A seven-figure grant from The MirYam Institute will help establish Emory University’s Center for the Study of Law and Religion (CSLR) new program named the MirYam Project in International Ethics & Leadership: Law, Religion, Health & Security.
This endeavor entails a four-year partnership between the CSLR’s Jewish Legal Studies Program and The MirYam Institute. The MirYam Institute is a forum for premier authorities to engage in dialogue about the state of Israel and its affairs. Ira Bedzow, director of The MirYam Institute Project in International Ethics & Leadership, and Professor of Law Michael J. Broyde will lead the project.
Through mentorship opportunities, travel to Israel and encounters with leading American and Israeli specialists in their fields, the program aims to create future leaders across a variety of sectors, including industry, healthcare, politics, public service and community.
CSLR Director John Witte welcomed the program in an Oct. 21 University press release. He stated that the program will “provide pathbreaking new scholarship and campus-wide leadership on fundamental questions of law, religion ethics, health care, security, and the human condition.”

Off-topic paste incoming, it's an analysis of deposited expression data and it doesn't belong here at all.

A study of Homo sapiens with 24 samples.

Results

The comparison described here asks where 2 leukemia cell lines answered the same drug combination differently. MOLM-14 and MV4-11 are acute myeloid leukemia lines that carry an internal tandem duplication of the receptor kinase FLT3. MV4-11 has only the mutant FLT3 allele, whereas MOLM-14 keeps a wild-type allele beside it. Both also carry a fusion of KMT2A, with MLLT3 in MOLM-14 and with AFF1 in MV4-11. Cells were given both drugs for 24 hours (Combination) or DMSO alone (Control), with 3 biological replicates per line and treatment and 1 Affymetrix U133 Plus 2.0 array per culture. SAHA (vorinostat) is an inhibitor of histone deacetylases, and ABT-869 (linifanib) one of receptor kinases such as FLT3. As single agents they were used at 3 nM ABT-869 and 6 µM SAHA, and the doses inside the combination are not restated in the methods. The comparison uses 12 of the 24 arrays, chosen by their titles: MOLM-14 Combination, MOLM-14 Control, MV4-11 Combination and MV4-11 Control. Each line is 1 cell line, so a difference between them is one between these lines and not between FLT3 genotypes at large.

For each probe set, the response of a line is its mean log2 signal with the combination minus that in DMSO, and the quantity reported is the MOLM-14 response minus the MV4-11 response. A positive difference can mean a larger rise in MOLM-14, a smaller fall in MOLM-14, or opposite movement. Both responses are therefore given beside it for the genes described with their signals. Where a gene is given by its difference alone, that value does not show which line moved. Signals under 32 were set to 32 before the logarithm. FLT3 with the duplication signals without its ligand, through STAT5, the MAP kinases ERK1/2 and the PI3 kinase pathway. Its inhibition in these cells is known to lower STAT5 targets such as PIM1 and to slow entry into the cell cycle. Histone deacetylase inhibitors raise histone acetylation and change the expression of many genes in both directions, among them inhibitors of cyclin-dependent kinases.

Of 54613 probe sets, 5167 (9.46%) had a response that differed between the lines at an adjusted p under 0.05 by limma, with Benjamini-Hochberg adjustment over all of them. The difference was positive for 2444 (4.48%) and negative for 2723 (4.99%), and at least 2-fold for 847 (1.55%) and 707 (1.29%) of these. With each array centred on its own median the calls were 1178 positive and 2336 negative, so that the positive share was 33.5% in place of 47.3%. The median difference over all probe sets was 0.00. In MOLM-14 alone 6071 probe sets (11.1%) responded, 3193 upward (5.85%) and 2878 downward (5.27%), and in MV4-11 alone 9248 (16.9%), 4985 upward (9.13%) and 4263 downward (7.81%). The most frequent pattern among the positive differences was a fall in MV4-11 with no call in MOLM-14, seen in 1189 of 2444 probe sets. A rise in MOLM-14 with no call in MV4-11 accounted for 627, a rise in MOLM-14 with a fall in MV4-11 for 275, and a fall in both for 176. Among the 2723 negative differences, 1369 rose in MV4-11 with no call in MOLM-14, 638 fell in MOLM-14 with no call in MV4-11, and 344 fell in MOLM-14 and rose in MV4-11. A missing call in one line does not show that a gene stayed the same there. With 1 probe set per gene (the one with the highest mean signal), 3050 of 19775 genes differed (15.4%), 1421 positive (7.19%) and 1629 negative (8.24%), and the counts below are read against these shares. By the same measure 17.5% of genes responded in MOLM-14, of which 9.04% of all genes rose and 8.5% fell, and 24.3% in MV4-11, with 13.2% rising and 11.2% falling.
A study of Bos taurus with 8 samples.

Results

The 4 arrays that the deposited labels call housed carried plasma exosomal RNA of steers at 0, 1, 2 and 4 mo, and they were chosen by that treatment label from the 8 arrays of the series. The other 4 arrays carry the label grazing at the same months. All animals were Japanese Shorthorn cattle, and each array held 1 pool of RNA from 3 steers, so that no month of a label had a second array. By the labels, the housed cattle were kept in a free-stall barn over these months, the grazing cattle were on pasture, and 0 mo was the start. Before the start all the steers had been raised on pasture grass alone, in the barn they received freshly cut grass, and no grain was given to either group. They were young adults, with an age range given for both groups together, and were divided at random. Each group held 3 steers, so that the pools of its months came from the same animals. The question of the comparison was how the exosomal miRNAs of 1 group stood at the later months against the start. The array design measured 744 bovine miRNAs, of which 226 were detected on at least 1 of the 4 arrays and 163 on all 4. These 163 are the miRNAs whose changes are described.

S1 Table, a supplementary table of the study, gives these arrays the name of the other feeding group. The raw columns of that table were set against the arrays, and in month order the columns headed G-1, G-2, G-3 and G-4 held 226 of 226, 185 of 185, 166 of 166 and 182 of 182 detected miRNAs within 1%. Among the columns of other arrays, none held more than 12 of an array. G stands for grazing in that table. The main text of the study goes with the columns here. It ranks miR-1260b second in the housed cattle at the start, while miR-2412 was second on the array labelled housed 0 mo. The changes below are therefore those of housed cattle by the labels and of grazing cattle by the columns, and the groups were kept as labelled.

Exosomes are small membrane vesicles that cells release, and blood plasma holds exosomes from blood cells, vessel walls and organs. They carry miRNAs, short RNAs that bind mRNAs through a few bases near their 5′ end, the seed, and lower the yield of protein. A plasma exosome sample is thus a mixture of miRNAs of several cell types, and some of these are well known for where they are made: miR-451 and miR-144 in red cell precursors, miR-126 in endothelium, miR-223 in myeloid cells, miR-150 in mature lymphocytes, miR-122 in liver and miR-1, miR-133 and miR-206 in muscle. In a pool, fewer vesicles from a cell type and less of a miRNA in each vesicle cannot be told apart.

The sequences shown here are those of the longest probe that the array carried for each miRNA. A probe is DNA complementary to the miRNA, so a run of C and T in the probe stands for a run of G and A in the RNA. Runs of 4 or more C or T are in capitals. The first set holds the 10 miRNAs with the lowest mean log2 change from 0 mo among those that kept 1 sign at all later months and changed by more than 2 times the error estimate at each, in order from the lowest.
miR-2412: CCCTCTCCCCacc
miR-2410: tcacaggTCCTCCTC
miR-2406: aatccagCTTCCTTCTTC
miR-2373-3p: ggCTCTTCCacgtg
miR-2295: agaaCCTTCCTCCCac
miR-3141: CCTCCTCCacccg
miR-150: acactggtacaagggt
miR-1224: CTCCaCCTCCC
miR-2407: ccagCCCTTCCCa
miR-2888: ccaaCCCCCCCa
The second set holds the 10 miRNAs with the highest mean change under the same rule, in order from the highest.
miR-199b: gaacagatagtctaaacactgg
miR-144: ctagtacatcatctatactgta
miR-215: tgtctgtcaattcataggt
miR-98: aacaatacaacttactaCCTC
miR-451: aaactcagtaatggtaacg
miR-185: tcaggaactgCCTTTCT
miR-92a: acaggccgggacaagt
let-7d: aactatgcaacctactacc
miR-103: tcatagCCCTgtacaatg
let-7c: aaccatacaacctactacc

Broyde described these issues as unified in terms of applying ethics and leadership.
“The topics that we wish to address all weave a tapestry of ethical leadership,” Broyde said. “Together [they] present a model of how ethics and leadership work in a variety of fields.”
This collaboration was born in part out of Bedzow’s close connections to Emory. He obtained his PhD in religion from Emory under the direction of Broyde, who described Bedzow as “the best graduate student” he has ever had.
“Sometimes you encounter students and you say to yourself ‘Oh, what I really want to do is spend my whole life working with them,’” Broyde said. “Luckily enough, we procured a grant on ethical leadership that was designed to bring him back to Emory University.”
Bedzow was similarly excited to work with his former mentor. When he was offered the chance to work with Broyde, Bedzow said he “realized very quickly that it was an opportunity that doesn’t come every day.”
He also expressed delight at the prospect of returning to work with the University.
“Personally, I jumped in with both feet because I love Emory,” Bedzow said. “The culture’s amazing, the people are wonderful and I just enjoy being here every day.”